Sen. John McCain's surgery has delayed the Senate's expected vote this week on a revised plan to repeal and replace the Affordable Care Act, but the additional time will not improve the Republicans' proposal. Even with the latest changes, the legislation would slash Medicaid spending, offer false hope with cheap insurance that covers little and cost millions of Americans their health coverage. When even Gov. Rick Scott raises concerns, it's clear this approach still needs work.

Scott is a longtime critic of the Affordable Care Act, and he wants Washington to give Florida more control over how it spends Medicaid money. The revised Senate legislation still cuts projected Medicaid spending by $772 billion over a decade, and while it would give states more flexibility the governor points out how unfair the funding formula would be to Florida. The legislation would lock in current inequities by setting a limit on how much the federal government would pay for each Medicaid beneficiary, based on past spending patterns. The governor points out that New York, with fewer residents, gets more than $33 billion a year in federal Medicaid money now and Florida gets less than $15 billion a year. The bottom line: Floridians would be permanently cheated.

What Scott didn't say is that Florida has been miserly with its Medicaid program and would pay a heavy price for that. It also would pay a price for Scott's refusal to accept Medicaid expansion money under the Affordable Care Act, which could have provided health coverage to at least another 750,000 Floridians. The revised Senate bill would give states that expanded Medicaid recently more money for each person Medicaid covers. That's great for those states but bad for Florida.

To be fair, there are other tweaks in the Senate bill aimed at helping Florida — and winning the support of Sen. Marco Rubio. About $5 billion has been added in Medicaid money for states that have declared public health emergencies, such as Scott did to combat the Zika virus. Another $45 billion has been added to address the opioid epidemic, which could help Florida. There also is a change in the Medicaid formula to help states such as Florida with a large number of uninsured residents. But that money would go to the hospitals that treat a large number of uninsured patients when the goal should be to insure more residents and help keep them healthy.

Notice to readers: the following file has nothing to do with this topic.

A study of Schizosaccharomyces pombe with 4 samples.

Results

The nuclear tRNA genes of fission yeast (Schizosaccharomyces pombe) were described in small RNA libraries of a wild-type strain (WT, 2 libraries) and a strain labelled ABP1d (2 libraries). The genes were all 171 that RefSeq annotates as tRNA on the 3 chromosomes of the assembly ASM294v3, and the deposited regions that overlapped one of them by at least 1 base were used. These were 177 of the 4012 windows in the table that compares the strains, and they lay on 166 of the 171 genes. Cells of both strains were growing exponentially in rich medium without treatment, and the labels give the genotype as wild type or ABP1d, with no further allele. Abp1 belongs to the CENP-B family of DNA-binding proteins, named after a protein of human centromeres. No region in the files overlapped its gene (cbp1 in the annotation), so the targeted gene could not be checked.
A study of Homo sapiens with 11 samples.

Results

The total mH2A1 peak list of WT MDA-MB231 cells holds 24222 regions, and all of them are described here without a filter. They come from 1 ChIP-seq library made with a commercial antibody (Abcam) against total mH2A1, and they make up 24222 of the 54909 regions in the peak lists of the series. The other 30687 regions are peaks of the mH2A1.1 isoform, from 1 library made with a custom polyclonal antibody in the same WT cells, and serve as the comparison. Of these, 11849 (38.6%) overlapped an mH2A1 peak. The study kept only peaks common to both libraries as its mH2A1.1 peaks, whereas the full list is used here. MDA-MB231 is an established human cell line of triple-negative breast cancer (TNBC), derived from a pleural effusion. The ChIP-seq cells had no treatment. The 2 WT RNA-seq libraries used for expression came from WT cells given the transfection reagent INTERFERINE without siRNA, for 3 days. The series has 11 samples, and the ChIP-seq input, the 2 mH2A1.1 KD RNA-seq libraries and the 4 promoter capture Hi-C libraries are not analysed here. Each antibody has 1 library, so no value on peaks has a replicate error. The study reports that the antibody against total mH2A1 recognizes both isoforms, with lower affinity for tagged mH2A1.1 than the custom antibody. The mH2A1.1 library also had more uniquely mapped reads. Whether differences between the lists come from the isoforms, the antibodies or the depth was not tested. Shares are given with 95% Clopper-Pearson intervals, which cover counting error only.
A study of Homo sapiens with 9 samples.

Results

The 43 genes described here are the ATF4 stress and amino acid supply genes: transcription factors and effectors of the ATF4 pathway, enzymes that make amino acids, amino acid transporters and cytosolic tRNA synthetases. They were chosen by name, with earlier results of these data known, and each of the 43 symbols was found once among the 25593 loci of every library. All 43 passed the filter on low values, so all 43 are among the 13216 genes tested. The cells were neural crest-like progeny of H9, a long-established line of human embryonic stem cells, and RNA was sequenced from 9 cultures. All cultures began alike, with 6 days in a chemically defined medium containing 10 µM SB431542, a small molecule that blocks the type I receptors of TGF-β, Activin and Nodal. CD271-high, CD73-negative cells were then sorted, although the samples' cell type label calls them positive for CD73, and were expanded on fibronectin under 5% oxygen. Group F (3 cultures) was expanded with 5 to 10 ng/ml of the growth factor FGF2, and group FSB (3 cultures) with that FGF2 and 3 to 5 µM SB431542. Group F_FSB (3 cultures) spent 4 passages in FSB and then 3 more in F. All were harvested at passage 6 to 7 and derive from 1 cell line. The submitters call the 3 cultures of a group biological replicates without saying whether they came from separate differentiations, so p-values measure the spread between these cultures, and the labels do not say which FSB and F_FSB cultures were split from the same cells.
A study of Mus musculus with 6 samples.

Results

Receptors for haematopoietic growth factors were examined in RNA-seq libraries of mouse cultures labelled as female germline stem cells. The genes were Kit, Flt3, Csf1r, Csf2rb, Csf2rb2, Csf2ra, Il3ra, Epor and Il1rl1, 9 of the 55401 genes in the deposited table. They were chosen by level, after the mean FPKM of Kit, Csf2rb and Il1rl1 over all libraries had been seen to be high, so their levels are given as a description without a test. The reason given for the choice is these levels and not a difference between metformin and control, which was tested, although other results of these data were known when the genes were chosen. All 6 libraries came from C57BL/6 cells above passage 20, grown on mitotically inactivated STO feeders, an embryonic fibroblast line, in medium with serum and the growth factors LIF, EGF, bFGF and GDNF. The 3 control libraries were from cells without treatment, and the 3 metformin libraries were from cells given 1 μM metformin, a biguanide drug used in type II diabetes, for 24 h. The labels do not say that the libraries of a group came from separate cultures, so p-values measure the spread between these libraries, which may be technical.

If it were possible to make the original Senate bill worse, Majority Leader Mitch McConnell succeeded. He included Sen. Ted Cruz's proposal to allow insurers to offer bare-bones health coverage that would provide far fewer benefits, cap annual payments or deny coverage to patients with a history of pre-existing conditions. That eviscerates some of the best qualities of the Affordable Care Act, which requires a standard set of benefits, bans caps on annual payments and prevents insurers from excluding anyone with pre-existing conditions. The Cruz change is absolutely the wrong approach, because it would appeal to younger, healthier people looking to save money who likely would discover their coverage was limited only after they were hurt or became sick.

At least Scott has raised the issue of fairness in Medicaid payments for Florida. Sen. Bill Nelson joins fellow Democrats in opposing the bill, and he has been to Tampa and elsewhere listening to the accounts of residents who have benefited from the Affordable Care Act and fear losing their coverage. Yet Rubio has sided with McConnell, criticizes independent estimates that the earlier Senate bill could cost up to 1 million Floridians their Medicaid coverage by 2026 and plans to vote to bring the revised Senate bill up for debate. Perhaps if Rubio could find Tampa Bay on a map, reopen his district office and hold a town hall meeting he would understand the real-life consequences of the Senate Republicans' disastrous health care bill and reach a different conclusion.